It was a time to relax, a time when time did not matter. When he was honest, he reached beyond the peaceful monotony of the task and admitted it to himself. He really did it for her; he would do anything for her. Now he did it to forget.
Montana’s cold usually kept him in motion, kept him occupied, gave him less time to think. On this morning, blowing snow blurred his glasses, obscuring his vision, slowing his axe, giving him time, too much time, making his focus wander.
A piece of wood stood vertical on the stump. His head shook slightly; he could not remember placing it there. He spoke to the wood, ‘I wish she could leave my thoughts as easily’. Before he began the sentence, he knew he did not mean it, he would always remember her.
Brushing wood splinters from the stump, he smiled; she was meticulous. He thought of her little rituals; nothing could be too clean. She washed dishes before putting them in the dishwasher, she cleaned their toothbrushes daily. Then they would backpack. Somehow, sitting in front of their tent, sipping hot chocolate, watching peaks capture early light,
altered the rules. Toothbrushes remained fresh, creek water cleaned dishes. Mountains made life simple.
His mind turned to love, an elusive emotion, difficult to define, difficult to grasp. He tried to think of other women, other women he had loved, or thought he had loved. He did not want the ache in his thoughts, but his emotions would not allow her to leave.
Twisting slightly, his hand accepted the weight of the axe. His free hand wrapping the handle, sliding smoothly towards the cutting edge, controlling the blade, giving him control over this small corner of his life.
They met because of her eyes, a chance moment, a brief moment on a trail in the Yellowstone. Their pale blue seemed out of place against her tanned skin and dark hair, their depth clashed with the softness of the color. He was shy around women, reluctant to approach, but he had to know what was behind those eyes. Allowing her to walk away would condemn him to a life of regret. He asked if he could hike with her.
It was a practiced motion, smooth, efficient, effortless. His hand near the blade easily lifting the weight as he raised the tool above his head storing energy for the coming blow.
Their love had evolved slowly, it was not defined by a moment in time, it was something that became part of them. He knew it when he woke in the morning and could hear her soft breathing, when he slid his foot beneath the covers, gently touching her leg before climbing quietly from their bed. He knew it when he looked into her eyes, his attention often drawn to the small creases radiating from their corners, it amazed him how they enhanced her beauty. Small wrinkles representing their life, their commitment to each other. They contained joy, sorrow, arguments, apologies, all that held them together.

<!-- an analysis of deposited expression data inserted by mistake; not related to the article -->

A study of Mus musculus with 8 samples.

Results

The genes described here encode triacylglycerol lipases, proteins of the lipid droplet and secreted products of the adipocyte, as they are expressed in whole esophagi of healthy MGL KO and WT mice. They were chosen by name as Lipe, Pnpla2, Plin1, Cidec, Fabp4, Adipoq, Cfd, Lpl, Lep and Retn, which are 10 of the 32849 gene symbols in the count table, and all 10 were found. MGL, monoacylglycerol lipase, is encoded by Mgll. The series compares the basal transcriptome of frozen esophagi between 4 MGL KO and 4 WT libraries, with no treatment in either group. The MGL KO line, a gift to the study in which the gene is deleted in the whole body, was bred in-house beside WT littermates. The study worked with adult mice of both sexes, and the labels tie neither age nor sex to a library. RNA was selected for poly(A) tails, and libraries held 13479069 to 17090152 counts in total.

They contained their past, yet separated them from what they were and what they would become.
Following them back, he thought of joy, the birth of their daughter. She had wanted a girl, wanted to give him a daughter, wanted him to have the relationship she would always cherish. The relationship only a father and daughter can have. He remembered anguish.
She was barely six when a simple mosquito bite gave her encephalitis; her doctors gave them little hope, they said she would die. One week of agony, suffering that brought them closer, helped them refocus their life. The doctors were wrong then, but doctors are not always wrong.
Focusing on his target, his hands slid together leveraging the energy, arcing the blade until metal met wood, splitting the log, pieces tumbling apart. Another piece sat on the stump waiting, waiting to help him forget.
The rhythm of the work brought back her music, her piano. It was a gift they could not afford but it made her whole, it completed their home. After rejecting many candidates she sat before the Steinway that would become hers; he knew she would play Bach. Breaking through the gentle tension of the keys she felt the music before the sweet tones resonated through the wood. It was more than an audible experience, it was a soft summer rain. Individual notes combining, separate yet intertwined, warmly caressing her, flowing, conforming to her skin, feeding her thoughts, building emotion, becoming part of her. It was her music, it was her piano.
She treasured time by the fire, sitting on the floor, talking and enjoying the warmth. His knowledge of physics told him burning wood radiated heat and warmed the room, but
he refused to believe it, at least not in their room, not with her. They shared the moment with the flames; it was something they did. He split the wood for love.
The axe fell; he could hear the car approach. Another blow, he knew they would talk, still another, there would be tears. The engine died, the blade split wood, a car door
closed, one more swing, wood fell to earth the axe buried deep in the stump. Releasing the handle, he turned.
Looking deep into her eyes, looking beyond remnants of recent tears, he saw two women, two nearly identical women separated by age. The eyes before him did not have lines at their corners, but that did not detract from her beauty. He knew they would be there someday; he hoped her man would understand their meaning, would recognize commitment. He had heard her words before, this time he heard her wisdom, her caring. ‘It’s been a long time since the funeral Daddy, you should visit Mom’s grave, it’s okay to say goodbye’. He held his daughter.
Holding her, loving her, he realized he could not define love, could not quantify it, it could only be felt and shared. It was unique within, but not limited by, a relationship. His thoughts turned back, back to his daughter’s young eyes, the eyes she shared with her mother. In his mind they aged, revealed the life he hoped she would live. They brought him from the past to the present; she carried him into the future.